Blood Pressure Medication 101
There are many different high blood pressure medications available, each with their pros and cons. Read on to learn which may be right for you.
A medicine to lower blood pressure is often recommended if your blood pressure is consistently high, usually at or above 140/90, but sometimes will be recommended at a lower blood pressure, especially if you have coronary heart disease, have had a stroke, have peripheral artery disease), diabetes, or chronic kidney disease.
Your doctor might prescribe more than one type of medication to treat your condition. You may need to try different medicines until you and your doctor find the best one or combination of medicines that work for you.
Some of the most common medications used to lower blood pressure include:
- Beta-blockers: This type of medication makes your heart beat slower and with less force. It also blocks certain hormones in your body that can raise your blood pressure.
- Diuretics: Also commonly referred to as water pills, this medication helps reduce the sodium levels and excess fluid in your body, which helps reduce your blood pressure.
- ACE inhibitors: This medication helps your blood vessels relax to help reduce your blood pressure.
- Angiotensin II receptor blockers (ARBs): This is another medication that also helps relax vessels to lower blood pressure.
- Calcium channel blockers: These medications block some of the calcium from entering the cardiac muscles of your heart, meaning less forceful heartbeats. This medicine also causes blood vessels to relax to further lower blood pressure.
- Alpha-2 agonists: This type of medication changes the nerve impulses that cause blood vessels to tighten. This medication also helps blood vessels to relax, which reduces blood pressure.
Taking your medications as prescribed, monitoring your blood pressure and most importantly, making healthy lifestyle changes, can help you reach and maintain a healthy blood pressure.
How to Lower Blood Pressure Naturally
Adopting a healthy lifestyle can help you lower your blood pressure naturally. Here are some of the most recommended lifestyle changes that can help:
A Heart-Healthy Diet
A healthy diet can help to reduce high blood pressure. Try to incorporate the following foods every day:
- Fruits and vegetables
- Whole grains (like whole grain bread, oats, rice)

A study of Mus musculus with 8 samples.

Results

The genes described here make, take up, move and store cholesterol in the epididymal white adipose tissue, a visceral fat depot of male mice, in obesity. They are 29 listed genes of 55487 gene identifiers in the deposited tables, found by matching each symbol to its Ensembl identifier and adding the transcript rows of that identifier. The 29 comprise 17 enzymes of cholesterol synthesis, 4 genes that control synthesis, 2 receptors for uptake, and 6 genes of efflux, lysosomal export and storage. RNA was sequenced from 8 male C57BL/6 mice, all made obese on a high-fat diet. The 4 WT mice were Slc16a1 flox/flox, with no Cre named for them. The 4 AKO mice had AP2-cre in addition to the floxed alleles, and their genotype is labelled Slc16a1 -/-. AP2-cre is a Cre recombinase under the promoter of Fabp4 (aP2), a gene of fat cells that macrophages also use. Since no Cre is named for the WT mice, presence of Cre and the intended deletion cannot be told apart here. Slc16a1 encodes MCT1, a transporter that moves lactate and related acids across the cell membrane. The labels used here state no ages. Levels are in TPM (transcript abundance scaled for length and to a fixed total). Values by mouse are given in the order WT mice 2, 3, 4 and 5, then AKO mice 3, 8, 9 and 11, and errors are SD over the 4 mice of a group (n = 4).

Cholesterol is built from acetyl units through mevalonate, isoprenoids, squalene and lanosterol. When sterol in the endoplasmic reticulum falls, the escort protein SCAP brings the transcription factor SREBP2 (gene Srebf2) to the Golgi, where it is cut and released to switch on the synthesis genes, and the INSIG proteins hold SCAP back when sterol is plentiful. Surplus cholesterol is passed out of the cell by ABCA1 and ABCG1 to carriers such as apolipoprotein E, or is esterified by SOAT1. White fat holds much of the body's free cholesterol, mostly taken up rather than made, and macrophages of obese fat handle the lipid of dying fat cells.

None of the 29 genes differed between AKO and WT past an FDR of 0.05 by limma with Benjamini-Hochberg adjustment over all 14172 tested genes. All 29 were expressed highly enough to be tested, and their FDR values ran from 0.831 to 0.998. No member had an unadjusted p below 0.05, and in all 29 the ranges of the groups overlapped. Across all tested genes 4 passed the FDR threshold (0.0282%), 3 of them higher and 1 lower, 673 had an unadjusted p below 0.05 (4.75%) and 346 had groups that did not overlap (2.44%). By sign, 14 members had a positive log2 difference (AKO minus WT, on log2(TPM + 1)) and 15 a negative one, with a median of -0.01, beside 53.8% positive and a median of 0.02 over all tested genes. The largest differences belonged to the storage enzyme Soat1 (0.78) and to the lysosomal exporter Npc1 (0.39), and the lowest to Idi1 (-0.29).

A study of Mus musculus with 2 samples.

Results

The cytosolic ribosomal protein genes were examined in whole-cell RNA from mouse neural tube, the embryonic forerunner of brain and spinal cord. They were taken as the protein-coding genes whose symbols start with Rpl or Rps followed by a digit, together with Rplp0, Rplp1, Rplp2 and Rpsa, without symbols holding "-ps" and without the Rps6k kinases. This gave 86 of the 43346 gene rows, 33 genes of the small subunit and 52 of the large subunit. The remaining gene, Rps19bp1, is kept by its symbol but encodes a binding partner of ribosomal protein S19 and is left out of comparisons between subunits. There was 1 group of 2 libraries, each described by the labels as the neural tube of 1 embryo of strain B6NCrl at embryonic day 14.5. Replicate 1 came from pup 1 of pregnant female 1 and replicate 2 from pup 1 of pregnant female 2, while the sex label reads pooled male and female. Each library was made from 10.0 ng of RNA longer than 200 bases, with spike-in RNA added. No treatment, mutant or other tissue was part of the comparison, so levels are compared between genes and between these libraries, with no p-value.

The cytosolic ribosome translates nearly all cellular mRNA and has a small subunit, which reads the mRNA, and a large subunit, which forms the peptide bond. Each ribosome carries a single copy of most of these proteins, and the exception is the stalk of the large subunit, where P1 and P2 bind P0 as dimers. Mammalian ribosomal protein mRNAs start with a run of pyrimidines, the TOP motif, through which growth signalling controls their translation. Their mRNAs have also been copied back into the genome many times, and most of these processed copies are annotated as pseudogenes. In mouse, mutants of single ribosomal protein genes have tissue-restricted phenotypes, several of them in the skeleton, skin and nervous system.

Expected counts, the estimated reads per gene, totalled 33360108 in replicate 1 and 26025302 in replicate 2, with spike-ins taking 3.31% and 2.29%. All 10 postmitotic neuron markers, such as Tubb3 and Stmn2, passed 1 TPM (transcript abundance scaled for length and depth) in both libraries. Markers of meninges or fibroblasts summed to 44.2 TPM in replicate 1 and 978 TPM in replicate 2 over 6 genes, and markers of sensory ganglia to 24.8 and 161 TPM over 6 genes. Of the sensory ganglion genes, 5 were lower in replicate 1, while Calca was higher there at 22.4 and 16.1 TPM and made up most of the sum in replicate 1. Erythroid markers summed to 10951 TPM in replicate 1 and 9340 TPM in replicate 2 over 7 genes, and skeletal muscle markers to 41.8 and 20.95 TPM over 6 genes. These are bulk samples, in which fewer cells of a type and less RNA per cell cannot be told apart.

- Lean proteins like fish or chicken (instead of red meat, which is high in saturated fat)
It is also beneficial to reduce salt and salty foods (limit your sodium to 1,500-2,300 milligrams per day). It’s always best to limit or avoid restaurant food and prepackaged foods as they usually contain high sodium. It is also recommended to cut back on sweets. Instead, you can try to eat fresh fruit or dark chocolate for sweet cravings.
Increasing Physical Activity
A healthy weight and being physically active also helps reduce blood pressure naturally. Being physically active strengthens your heart (cardiovascular system) and also helps reduce stress.
- Try to get about 30 minutes of moderate physical activity 5 times per week
- You can walk or consider taking an online exercise class from your home
As mentioned, exercise helps to manage stress. Other activities can also help, such as:
- Prayer or meditation
- Deep breathing
- Yoga (stretching)
- Getting enough sleep
Adopting a Cleaner Lifestyle
- Smoking: If you smoke, try to quit. These chemicals damage the body’s tissues and harden blood vessel walls.
- Alcohol: Alcohol can raise blood pressure. It is best to avoid alcohol or drink alcohol in moderation.
There are two numbers create a blood pressure reading:
- Systolic Pressure: This is the first number (the one on top when you’re looking at a reading) – it indicates the pressure in your arteries when your heart beats and pumps out blood.
- Diastolic pressure: This is the second number (the one on the bottom) – it is the reading of the pressure in your arteries between heart beats.
Understanding your blood pressure readings:
- Healthy: A healthy blood pressure reading is less than 120/80.
- Elevated: The systolic number is between 120 and 129, and the diastolic number is less than 80. (Note: Medication is not usually necessary; however, lifestyle and diet changes are recommended to help reduce your blood pressure.)
- Stage 1 hypertension: The systolic number is between 130 and 139, or the diastolic number is between 80 and 89.
- Stage 2 hypertension: The systolic number is 140 or higher, or the diastolic number is 90 or higher.
- Hypertensive crisis: The systolic number is over 180, or the diastolic number is over 120. Blood pressure in this range usually requires urgent medical attention.
Please Remember: If you experience symptoms such as chest pains, headaches, shortness of breath, or visual changes and your blood pressure is over 180, please go to your nearest hospital emergency room immediately!